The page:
Saturday, September 11, 2010


Each year since I began blogging, I've posted carefully considered remembrance pieces on the anniversary of the September 11th terrorist attacks: 2009, 2008, 2007, 2006, 2005, 2004. This year, the occasion is likely to be dominated by competing protests about the mosque proposed to be built near the Trade Tower site, and the coincidence of the Islamic Eid holiday that same day. Even President Obama doesn't know what to do.

Nor do I. With no disrespect to the three friends I lost that day, or the grief of other mourners, I've little more to say on the subject. Not due to doubt or diverging positions: this nation remains the best hope for peace and justice in the world. And though the President performed a policy name-change and often sounds unconvinced, he's mostly a convert to winning the war on terror Bush began. Even if the press now passes-over its former put-downs.

For now, that's enough to honor the memory of 3,000 Americans murdered nine years ago today. Requiescat in pace.


OBloodyHell said...

The issue I have is mainly with the disconnect of:

a) It it rather exceptionally clear that the GZM is considered offensive to a large percentage of Americans.

b) Americans -- indeed EVERYONE in the world -- are all expected to tread lightly whenever there is risk of doing anthing that is, in the ever-so-slightest way -- offensive to Islamic sensitivities. Witness Theo Van Gogh, Salman Rushdie, Ayaan Hirsi Ali, the whole "Cartoon" brouhaha, and the very most recent Koran burning issue.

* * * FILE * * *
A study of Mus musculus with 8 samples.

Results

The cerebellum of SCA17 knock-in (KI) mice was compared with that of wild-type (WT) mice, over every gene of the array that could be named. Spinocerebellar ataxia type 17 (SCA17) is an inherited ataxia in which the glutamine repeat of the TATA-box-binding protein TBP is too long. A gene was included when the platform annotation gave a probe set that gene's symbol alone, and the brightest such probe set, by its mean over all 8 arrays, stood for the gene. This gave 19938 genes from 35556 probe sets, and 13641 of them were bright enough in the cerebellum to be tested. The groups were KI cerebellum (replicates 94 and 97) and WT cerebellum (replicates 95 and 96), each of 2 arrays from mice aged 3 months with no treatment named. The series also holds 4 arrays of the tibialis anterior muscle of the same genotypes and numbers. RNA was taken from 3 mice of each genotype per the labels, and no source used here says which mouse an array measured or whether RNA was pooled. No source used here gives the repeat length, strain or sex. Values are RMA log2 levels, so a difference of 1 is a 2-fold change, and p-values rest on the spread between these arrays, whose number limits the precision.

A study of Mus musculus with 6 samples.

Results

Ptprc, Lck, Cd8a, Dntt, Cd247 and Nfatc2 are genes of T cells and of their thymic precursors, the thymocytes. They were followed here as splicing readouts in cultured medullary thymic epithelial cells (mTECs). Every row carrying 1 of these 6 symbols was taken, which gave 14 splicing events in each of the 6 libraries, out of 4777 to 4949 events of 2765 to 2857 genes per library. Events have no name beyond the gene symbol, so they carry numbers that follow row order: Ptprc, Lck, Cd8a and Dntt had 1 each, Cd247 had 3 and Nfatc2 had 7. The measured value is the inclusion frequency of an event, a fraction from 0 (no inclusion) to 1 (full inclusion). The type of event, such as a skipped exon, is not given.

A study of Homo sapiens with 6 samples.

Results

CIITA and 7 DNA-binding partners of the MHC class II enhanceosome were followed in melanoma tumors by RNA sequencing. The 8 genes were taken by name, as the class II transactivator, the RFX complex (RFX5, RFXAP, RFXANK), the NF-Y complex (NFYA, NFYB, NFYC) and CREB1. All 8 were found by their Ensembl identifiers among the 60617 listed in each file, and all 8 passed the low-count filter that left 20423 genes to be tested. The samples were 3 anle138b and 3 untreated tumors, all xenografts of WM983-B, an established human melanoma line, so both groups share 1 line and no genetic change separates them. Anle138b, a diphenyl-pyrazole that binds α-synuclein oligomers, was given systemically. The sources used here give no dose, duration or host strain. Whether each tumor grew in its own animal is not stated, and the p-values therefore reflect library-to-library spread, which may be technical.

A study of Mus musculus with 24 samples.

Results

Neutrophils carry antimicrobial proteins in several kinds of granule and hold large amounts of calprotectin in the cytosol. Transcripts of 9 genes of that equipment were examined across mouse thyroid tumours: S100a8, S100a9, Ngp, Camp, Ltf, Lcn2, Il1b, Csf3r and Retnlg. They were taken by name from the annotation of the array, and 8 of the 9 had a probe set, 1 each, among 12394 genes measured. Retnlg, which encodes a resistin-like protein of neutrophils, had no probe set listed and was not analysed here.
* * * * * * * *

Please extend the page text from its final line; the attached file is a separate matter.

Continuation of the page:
Sorry, I'm not accepting that disconnect any more.

F*** Islam.

F*** Allah.

F*** the Qu'ran.

I know there are moderate moslems. But until THEY decide to police their own f***ed up members, they're getting lumped with those f***ed up members as people I DON'T CARE ABOUT

OBloodyHell said...

Dr. Sanity Links to this lovely little piece:

Koran Non-Burning Day

OBloodyHell said...

I also offer two quotes, one directly relevant to this, one secondarily so:

A function of free speech under our system of government is to INVITE
DISPUTE. It may indeed best serve its high purposes when it induces a
condition of unrest, creates dissatisfaction with conditions as they are,
or even stirs people to anger. Speech is often provocative and
challenging. It may strike at prejudices and preconceptions and have
profound unsettling effects as it presses for acceptance of an idea.

- Supreme Court Justice William O. Douglas -


There is no week, nor day, nor hour, when tyranny may not enter upon this
country, if the people lose their supreme confidence in themselves - and lose
their roughness and spirit of defiance.

- Walt Whitman -

The pastor is simply telling the imams to go F*** Off, in the most American of ways.

Carl said...

It certainly seems asymmetrical: we're supposed to show concern for the feelings Islam, yet Islam rarely directs anything short of hate towards America. That places us in the position of capitulating to the heckler's veto, which goes against the thrust of our Constitutional free speech rights (and has before this been an important advantage of civil liberties protection in America as opposed to Europe).